It doesn’t matter how successful you may have been in selecting the right CRM technology for your organisation and customising it to fit your specific needs, if you can’t get people to use it in a consistent and structured way, then it’s not going to generate much value.
Despite the progress that’s been made with the CRM software itself, with powerful, flexible, low-cost options available to all, user adoption has remained a challenge that defeats many implementers of CRM technology.
There are a lot of factors that impact if and when technology gets successfully adopted, but I want to highlight what I consider to be two key foundations:
Document how you want people to use the system – I’ve written about the role and importance of the usage manual in a previous post, but in essence you need to be crystal clear as to what you are looking to achieve with the system, and exactly how the system will support the business processes that will meet those objectives.
For example, let’s say you wanted to use the system to manage leads more effectively through the sales cycle, with the objective of increasing lead to sale conversion rates, then you need to define exactly what is happening in the system at each step in the process from initially logging the lead through to it being closed as won or lost. Without that clarity, you’ll quickly find each user manages the process differently, based on what feels right to them, but as a result usage is inconsistent, and the outputs and objectives won’t be achieved.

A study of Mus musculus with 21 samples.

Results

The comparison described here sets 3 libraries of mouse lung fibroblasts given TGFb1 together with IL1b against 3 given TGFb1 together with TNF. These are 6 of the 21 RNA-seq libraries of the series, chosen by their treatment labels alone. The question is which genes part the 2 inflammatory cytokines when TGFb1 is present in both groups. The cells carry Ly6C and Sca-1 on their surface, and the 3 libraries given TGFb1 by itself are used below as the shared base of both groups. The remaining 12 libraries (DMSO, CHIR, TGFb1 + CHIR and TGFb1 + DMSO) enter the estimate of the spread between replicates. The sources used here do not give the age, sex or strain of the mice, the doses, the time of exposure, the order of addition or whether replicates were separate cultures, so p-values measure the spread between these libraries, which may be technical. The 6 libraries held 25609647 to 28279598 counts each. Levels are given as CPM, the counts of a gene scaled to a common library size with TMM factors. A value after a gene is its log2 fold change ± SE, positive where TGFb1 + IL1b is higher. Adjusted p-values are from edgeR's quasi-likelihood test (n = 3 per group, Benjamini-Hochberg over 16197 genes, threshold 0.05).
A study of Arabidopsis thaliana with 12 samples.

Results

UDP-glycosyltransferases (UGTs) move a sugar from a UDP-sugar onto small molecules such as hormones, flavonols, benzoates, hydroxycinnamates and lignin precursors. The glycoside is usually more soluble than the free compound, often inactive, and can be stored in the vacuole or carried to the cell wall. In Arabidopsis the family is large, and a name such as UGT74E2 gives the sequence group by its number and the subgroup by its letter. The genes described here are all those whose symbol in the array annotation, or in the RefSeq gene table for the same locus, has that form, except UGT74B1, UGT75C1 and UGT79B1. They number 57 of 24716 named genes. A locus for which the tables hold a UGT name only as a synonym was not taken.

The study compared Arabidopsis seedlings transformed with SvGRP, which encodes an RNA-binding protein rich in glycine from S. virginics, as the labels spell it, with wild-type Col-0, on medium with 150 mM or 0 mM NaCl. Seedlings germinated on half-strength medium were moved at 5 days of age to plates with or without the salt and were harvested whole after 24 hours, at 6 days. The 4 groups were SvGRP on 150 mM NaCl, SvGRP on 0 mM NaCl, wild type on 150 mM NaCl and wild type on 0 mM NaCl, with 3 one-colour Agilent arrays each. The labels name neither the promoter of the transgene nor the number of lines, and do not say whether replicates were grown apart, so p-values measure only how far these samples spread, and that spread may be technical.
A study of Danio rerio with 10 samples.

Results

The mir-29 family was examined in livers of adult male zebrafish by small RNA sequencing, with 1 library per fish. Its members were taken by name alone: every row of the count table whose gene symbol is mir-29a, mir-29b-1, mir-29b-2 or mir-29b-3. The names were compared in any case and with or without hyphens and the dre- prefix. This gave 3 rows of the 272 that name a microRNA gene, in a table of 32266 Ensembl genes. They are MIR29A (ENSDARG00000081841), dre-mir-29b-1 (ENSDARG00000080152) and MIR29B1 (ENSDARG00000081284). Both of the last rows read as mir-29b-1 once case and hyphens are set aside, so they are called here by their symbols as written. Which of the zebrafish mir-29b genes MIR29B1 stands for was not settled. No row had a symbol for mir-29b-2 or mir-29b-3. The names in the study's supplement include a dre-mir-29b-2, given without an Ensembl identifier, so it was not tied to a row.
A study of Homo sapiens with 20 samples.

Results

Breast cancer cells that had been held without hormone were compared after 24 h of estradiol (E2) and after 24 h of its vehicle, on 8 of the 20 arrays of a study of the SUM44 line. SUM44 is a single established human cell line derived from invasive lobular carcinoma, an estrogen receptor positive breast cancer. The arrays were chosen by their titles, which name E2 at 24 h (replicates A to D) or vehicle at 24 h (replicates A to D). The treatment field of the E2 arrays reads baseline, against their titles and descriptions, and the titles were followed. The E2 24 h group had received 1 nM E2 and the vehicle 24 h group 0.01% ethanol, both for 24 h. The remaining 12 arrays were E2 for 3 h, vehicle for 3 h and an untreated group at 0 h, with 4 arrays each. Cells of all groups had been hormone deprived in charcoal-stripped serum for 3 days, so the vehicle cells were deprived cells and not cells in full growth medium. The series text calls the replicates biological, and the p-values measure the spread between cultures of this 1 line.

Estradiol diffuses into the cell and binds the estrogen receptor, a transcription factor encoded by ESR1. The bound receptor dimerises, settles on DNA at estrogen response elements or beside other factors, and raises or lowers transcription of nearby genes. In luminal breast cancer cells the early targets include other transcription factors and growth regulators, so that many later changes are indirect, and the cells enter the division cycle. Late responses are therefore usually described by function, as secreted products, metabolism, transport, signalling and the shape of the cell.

Monitor usage proactively – if we know how people are meant to be using the system, then it’s pretty straightforward to monitor if they are. Too often though support is provided only to those that request it. Unfortunately users who aren’t using the system, or are using it incorrectly, are unlikely to be asking for help. Hence the emphasis on proactive, rather than reactive.
Monitoring usage patterns is important at all times in a system’s life, but is absolutely essential in the go-live phase. No matter how good your initial training, the reality is that often only a small proportion will use it the way it was intended – initially at least.
The monitoring function needs to check for each user and each process area that the processes, as documented in the usage manual, are being followed. If they’re not, the appropriate action needs to be taken, generally in the form of additional training, help, encouragement, support, cajoling etc.
While reports and dashboards can be valuable in helping the monitoring function, having a real live human being look at the data is essential. This can be significantly demanding on resources, and,as I mentioned in my post on project phasing, should influence how the system is rolled out.
Demanding or not, it needs to happen, otherwise you will struggle to get the consistent usage patterns necessary for a successful system. Once these are established this can be scaled back, but don’t underestimate how long it can take for this to happen. Change takes time.
As I noted earlier in the post, there are lot more dimensions to user adoption than I’ve covered here, but if you can these two things right, then it becomes a much more manageable challenge.